This is the time period I am most familiar with, and thus feel competent to speak about at-length.
I of course realize game development predates, these dates; but in many ways it was an identical ebb and flow of AAA and small startups.

In%20ye%20olde%20indie%20days.png


Minor%20rebellions%20of%20yore.png


The%20App%20Revolution.png


The%20Modern%20State.png


Thanks for your commentary on it;  I intentionally left out pre-mid-90's history; as I'm not exceptionally well versed on commenting on it.

What I have researched about it, is that indie development was mostly regional and then of course folded into bigger business for distrubution on consoles, and bigger retailers.

I think you said it best in point B; in the time you're talking about there was no major indie distinction.

Though I disagree with you concerning nobody welcoming indies, at least in the 2000' era;  I have experience with this being the case.

I also make a distinction here between, AAA companies, private small-businesses with full time employees engaged in the business of developing games, and 'indies' or 'indipendent game developers' which are often singular or multi-group partnerships, often without a centralized office.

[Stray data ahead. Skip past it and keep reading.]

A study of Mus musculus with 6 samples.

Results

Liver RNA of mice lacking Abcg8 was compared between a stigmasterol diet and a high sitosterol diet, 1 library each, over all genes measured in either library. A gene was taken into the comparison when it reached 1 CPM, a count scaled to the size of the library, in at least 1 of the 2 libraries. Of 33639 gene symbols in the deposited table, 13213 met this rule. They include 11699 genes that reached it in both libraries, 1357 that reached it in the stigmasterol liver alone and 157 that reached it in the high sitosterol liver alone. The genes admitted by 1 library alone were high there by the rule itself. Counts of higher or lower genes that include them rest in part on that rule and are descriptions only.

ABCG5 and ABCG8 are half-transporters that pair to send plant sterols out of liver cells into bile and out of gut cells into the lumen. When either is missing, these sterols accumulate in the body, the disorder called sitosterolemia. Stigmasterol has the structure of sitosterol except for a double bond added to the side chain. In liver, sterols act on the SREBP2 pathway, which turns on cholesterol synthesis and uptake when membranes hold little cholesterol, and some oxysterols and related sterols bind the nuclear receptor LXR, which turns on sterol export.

I think perhaps you're a bit too hung up on a specific label. Perhaps it'd be appropriate to think of 'ye olde indies of yore' as the modern day hobbyist. A hobbyist would have the artistic freedom to produce the sorts of games that you seem to be pining for. And in the end there's nothing stopping a hobbyist from selling a finished product. They just aren't planning to make a living off of it in the way that an indie might be.

 

I think you have a whole 'rose by another name' situation going on here. What you're looking for isn't gone, it's just got a different name.



 

Many problems stem from internet globalization... more people fighting over one pie, where there used to be plenty of local/regional pies. It's a double whammy - this, and Unity games etc.